2020 has brought many challenges, thrown human plans out the window and made us feel a little out of place in this world. BUT, when placed under pressure, put through the fire, we are refined, and even hope can be found growing in the small crevices around us.

To be honest, 2019 had been a year of growth and changes, but in some ways division. Sometimes it felt like we had staff in two corners rather than in a circle supporting one another. We had been stretched in many ways. We never saw a worldwide pandemic or a martial law quarantine or the inability to get much support staff into the farm or looking at children not returning to school- for maybe the rest of the year, which is November here in El Salvador- as being something that would refine us, pull us together. BUT, trials can either take us under or make us rise seeing hope.  

Two of the biggest challenges we have faced during this time has been getting staff to the farm to help houseparent and continuing schooling for the children. Both of these challenges meant we had to rise to the occasion to do what we could. Our staff that has been able to get to the farm have had to join together and figure out how to support one another and find ways to offer some down time to each other. It hasn’t been easy, but everyone has done their part to make things work.

Our educational coordinator hasn’t been able to travel to the farm since the martial law quarantine began the middle of March. She has been coordinating with the schools and sending assignments to us on the farm. Our social workers and counselors have stepped into roles as tutors, coordinating schedules, printing off assignments, study guides and tests, and supervising scheduled video classes- generally, running the home schooling program in the mornings. Other office staff have also helped as they have been able to come to the farm. In the afternoons, children return to their homes for lunch and continue with assignments not completed in the mornings.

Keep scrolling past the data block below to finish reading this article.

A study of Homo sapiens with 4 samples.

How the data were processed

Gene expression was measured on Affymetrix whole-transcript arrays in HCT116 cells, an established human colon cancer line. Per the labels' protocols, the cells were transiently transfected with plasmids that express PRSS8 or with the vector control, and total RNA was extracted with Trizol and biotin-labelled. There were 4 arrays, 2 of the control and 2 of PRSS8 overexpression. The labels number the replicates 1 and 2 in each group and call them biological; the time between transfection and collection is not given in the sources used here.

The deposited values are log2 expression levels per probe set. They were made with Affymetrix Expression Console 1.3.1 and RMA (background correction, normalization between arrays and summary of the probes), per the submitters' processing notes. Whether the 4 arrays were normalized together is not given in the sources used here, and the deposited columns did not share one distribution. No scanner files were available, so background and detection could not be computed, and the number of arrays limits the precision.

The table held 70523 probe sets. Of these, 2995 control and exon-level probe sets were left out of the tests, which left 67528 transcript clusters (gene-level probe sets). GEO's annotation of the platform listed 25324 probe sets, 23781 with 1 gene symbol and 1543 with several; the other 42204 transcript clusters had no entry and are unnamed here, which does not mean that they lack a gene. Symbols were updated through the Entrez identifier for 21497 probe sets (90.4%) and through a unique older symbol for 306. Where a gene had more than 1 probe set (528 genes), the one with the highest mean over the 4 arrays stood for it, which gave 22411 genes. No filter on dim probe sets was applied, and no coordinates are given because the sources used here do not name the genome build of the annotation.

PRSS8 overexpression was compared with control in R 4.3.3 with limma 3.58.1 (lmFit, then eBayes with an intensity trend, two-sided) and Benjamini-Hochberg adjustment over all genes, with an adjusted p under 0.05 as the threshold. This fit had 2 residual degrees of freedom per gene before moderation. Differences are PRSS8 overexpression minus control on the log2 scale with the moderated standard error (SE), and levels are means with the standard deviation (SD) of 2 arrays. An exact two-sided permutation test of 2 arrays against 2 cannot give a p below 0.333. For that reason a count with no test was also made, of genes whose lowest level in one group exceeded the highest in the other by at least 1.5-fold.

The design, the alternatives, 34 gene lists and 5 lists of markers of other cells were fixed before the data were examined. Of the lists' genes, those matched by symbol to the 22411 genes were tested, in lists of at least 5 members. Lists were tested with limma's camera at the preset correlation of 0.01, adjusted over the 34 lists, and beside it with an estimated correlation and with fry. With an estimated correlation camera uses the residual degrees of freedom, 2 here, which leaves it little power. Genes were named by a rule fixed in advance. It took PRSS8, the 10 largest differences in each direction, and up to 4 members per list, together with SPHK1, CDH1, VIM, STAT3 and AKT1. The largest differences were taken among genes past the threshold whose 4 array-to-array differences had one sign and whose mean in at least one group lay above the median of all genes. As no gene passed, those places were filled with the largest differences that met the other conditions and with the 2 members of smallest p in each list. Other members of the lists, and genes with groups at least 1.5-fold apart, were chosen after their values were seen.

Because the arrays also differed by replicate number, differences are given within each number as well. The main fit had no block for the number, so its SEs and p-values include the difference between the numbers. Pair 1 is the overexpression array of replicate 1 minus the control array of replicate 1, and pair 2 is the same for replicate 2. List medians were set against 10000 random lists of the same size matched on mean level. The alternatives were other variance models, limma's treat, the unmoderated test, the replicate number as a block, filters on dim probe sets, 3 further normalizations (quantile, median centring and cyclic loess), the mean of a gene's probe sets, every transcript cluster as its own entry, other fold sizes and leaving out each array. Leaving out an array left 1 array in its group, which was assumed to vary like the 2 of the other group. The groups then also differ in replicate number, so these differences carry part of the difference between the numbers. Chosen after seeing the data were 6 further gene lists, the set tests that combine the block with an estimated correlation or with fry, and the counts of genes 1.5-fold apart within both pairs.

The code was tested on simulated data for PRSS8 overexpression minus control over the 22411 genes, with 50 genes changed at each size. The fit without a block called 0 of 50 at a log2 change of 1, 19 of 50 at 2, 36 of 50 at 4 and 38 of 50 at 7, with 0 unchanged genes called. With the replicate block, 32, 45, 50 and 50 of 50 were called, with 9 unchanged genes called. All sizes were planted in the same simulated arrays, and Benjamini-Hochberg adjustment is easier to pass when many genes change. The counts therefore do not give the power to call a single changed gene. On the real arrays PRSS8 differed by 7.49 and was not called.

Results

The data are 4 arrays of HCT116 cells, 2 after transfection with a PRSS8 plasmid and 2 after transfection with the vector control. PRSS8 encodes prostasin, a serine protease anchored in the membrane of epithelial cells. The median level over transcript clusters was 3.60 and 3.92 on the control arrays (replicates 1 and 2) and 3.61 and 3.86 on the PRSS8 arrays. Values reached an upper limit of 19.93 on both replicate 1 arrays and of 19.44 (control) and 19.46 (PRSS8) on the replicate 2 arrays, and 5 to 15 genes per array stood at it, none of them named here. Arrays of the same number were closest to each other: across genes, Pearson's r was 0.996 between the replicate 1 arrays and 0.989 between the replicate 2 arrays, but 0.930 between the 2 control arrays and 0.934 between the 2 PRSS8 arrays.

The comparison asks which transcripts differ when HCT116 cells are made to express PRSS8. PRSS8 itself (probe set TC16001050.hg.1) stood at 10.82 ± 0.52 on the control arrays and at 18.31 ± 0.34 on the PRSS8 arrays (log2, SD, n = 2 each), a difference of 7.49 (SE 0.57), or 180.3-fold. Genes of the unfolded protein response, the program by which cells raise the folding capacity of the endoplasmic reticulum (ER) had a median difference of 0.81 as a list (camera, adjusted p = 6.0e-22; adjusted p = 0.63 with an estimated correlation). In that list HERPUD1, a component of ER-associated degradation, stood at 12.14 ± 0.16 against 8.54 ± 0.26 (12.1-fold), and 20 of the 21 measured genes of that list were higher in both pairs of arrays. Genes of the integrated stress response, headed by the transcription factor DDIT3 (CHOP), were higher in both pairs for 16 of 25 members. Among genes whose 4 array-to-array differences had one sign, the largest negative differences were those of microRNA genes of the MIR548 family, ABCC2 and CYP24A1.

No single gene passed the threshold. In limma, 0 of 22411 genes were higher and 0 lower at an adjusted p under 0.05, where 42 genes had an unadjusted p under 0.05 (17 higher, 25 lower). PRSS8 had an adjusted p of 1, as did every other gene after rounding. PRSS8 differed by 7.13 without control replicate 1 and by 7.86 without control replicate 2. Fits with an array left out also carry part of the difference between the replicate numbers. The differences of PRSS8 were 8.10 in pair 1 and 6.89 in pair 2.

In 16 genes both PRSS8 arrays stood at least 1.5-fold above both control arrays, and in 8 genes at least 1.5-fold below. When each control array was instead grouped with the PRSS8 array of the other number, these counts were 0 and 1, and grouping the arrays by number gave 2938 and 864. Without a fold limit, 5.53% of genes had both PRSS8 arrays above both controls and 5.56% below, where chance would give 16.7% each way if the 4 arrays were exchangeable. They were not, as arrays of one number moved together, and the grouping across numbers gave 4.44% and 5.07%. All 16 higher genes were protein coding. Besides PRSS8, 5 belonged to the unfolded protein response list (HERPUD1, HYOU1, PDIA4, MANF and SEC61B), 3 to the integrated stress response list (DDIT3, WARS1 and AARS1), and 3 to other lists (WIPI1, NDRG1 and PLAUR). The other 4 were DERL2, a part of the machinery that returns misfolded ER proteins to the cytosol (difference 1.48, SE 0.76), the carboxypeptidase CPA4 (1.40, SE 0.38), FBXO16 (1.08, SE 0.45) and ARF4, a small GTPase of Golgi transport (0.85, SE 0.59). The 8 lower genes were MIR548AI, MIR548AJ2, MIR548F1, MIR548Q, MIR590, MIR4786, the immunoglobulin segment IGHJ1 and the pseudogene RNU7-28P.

Two weeks ago, the young adults in the Transition Program ended their first semester of university classes, and now they have a three to four week break. We had plans of the young adults to continue reaching out to the widows who live around our farm, yet we haven’t been able to act upon that plan. When asked if they would volunteer to help out with schooling in the mornings, the young adults quickly said, “Absolutely!” Part of the reason may have been that they had literally not been out of their homes for three months . . .but after seeing them helping the children, it is obviously that their heart was to serve. We are a family, and that has rung true during these difficult days. They have been big brothers and sisters, not tutors. They have worked with care, but not “doing” their work for them. They want them to succeed.

As an example of the effort our young adults have put into their new assigned task, Karla worked with one our girls who always needs a little more creativity to get and keep her focused on her assignments. After working with her the first day, she went home and researched some ways to help. She came back with some new tools . . . and they worked. Both Karla and her “student” have formed a special relationship.

We are grateful for our big family and for the ways everyone is circling around to support each other. God provides solutions that are sometimes right in front of our face, right in our midst. Although the young adults won’t be a long term solution, they are bringing much needed respite to those who have had this responsibility all of this time. We are finding hope in our midst!